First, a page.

To say this year has been unusual is an understatement. Uncertainty and change have been the norm, and IT and security teams have had to adapt. During times of great change, those with established processes are often better equipped to weather the storm.
As October is National Cybersecurity Awareness Month (NCSAM), we’re revisiting the broad strokes of a framework you can use to help secure your customers. Today, we want to kick off the month by giving a preview of each step in the process. Over the next four weeks, we’ll cover each in more depth, with specific technologies and tactics.
Here’s what we plan to cover:
1. Prepare and prevent
Before you help your customers, you’ll need to lay the foundations of a solid security program. The groundwork you lay here—from setting up physical security in a building to choosing the right security layers to deploy—pays dividends by making nearly every other step in the process easier. Plus, a good portion of threats can be prevented before they even take hold.
This year, the IT industry was thrown for a loop by the pandemic, forcing many providers to transition their customers to remote work overnight. Subsequently, IT providers had less control and visibility over the networks to which their customers connected. Perimeter-based security had already proven obsolete; this rapid shift to remote working has further hastened its demise. In next week’s post, we’ll talk about some of the prep work and preventive steps you need when supporting a remote workforce—so make sure to check it out in case there’s anything you may not have considered. Plus, we’ll talk a little about the implications of employees returning to their offices and what that could mean for corporate networks.
Next, we’ll talk about what technology you need to detect threats out there today. Many of the older detection technologies still work, but in many cases customers will need updated tools. In particular, IT providers should lean heavily on more adaptive, active technology. During times of uncertainty, cybercriminals often find ways to take advantage—whether it’s via news-related phishing schemes or exploiting new vulnerabilities introduced in the upheaval. That’s why it’s so important to have AI and collective intelligence as arrows in your cybersecurity quiver. We’ll talk about solutions that best meet these moments, and why endpoint detection and response solutions are particularly purpose-built for these times.
3. Respond and recover
Despite your best laid defenses, some threats will still slip by. Having a strong plan for responding to and recovering from incidents is absolutely essential for helping keep customers safe. We’ll talk about backup and recovery technologies, of course, but we’ll also talk a bit about developing an incident response process, which is particularly important in the era of increased data privacy and reporting regulations like GDPR and CCPA. While no one ever wants a security incident to occur, how you handle this step can often make or break your customer relationships by either demonstrating your professionalism or sending them to the competition.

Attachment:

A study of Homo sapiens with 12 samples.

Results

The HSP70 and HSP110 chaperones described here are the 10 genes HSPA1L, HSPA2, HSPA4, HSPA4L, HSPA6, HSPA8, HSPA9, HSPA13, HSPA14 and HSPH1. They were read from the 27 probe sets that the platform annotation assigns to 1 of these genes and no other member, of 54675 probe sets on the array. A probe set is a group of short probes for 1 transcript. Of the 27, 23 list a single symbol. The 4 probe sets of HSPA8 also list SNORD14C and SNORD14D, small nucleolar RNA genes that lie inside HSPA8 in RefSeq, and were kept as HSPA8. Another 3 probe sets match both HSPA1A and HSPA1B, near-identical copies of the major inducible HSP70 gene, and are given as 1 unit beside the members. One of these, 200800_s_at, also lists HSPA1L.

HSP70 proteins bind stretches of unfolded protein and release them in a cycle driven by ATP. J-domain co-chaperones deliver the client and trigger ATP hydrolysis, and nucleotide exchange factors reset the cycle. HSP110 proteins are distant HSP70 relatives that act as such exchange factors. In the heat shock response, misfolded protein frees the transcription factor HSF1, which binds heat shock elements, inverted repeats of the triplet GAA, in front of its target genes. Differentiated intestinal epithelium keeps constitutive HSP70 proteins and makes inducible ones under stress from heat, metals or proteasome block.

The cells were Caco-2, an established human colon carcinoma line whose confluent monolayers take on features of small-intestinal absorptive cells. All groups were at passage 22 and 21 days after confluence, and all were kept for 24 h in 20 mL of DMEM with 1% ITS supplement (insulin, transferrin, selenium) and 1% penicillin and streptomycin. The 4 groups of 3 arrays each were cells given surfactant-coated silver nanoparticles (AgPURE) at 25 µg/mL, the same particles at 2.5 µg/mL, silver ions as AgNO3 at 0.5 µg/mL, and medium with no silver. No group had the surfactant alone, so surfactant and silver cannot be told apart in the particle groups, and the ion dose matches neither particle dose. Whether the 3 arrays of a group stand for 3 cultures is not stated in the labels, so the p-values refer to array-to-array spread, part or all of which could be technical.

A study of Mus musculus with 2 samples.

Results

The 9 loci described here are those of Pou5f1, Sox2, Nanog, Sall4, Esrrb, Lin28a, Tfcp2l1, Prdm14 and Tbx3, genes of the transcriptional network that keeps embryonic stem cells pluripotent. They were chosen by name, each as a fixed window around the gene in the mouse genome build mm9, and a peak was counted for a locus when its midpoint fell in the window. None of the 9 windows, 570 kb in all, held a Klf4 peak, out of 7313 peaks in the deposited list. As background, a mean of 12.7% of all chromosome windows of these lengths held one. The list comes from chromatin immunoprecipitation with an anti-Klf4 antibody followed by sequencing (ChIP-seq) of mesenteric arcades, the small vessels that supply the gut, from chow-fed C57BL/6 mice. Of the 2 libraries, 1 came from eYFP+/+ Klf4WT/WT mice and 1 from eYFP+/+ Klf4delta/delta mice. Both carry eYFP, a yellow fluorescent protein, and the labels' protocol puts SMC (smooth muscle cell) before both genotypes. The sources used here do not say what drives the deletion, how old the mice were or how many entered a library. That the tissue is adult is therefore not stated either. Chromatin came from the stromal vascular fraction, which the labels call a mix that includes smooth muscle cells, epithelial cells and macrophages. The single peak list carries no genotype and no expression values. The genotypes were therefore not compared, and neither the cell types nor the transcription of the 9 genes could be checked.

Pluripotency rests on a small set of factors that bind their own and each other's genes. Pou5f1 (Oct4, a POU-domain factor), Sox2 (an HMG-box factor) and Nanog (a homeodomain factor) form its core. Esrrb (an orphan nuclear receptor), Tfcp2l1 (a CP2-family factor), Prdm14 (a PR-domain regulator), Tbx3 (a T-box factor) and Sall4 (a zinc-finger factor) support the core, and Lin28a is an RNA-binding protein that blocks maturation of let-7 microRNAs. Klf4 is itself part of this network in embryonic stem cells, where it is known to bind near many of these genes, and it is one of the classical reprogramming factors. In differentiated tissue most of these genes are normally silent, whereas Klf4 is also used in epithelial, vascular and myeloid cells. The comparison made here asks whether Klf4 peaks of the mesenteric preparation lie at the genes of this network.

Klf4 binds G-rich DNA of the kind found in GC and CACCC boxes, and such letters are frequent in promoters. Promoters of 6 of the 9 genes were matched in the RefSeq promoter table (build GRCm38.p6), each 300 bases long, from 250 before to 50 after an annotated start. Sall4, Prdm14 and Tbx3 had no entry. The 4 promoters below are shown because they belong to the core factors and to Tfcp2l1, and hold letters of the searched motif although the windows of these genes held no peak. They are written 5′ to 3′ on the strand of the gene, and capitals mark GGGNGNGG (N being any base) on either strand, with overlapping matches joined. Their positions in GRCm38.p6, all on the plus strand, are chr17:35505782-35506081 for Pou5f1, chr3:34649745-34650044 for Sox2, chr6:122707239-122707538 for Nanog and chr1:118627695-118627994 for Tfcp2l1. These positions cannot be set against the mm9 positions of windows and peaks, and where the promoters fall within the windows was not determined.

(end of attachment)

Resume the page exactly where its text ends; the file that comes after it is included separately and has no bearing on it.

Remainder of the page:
Finally, we’ll talk about the ongoing analysis IT providers should take to continuously improve their customers’ security postures. This involves monitoring daily reports, but it also involves performing the right types of analyses both after incidents and on a periodic basis. We’ll also talk about some more advanced technology you can consider implementing to further fine-tune your security analysis capabilities (and improve protection overall). Being able to analyze incidents lets you stay ahead of the curve when protecting your customers—and as threats continue proliferating and cybercriminals continue innovating, consistent analysis helps you both improve security for individual customers and spot trends you can use to further help others in your customer rolodex. Plus, this step plays a role in marketing—you should look at your analysis as an opportunity to demonstrate value and perhaps even persuade customers to further increase their defenses. We’ll cover a lot of this in the final week’s blog post.
A time for reflection
For this month, we’ll discuss how IT providers can meet the current moment and beyond. The steps outlined here apply no matter the current cyberthreat environment—you’ll always need to think in terms of preparation and prevention, detection, recovery, and analysis. But the elements that make up each step need to adapt. Over the next four weeks, we’ll cover each step. So stay tuned for our upcoming posts this month, where we’ll get more into the nitty-gritty nuts and bolts of each step.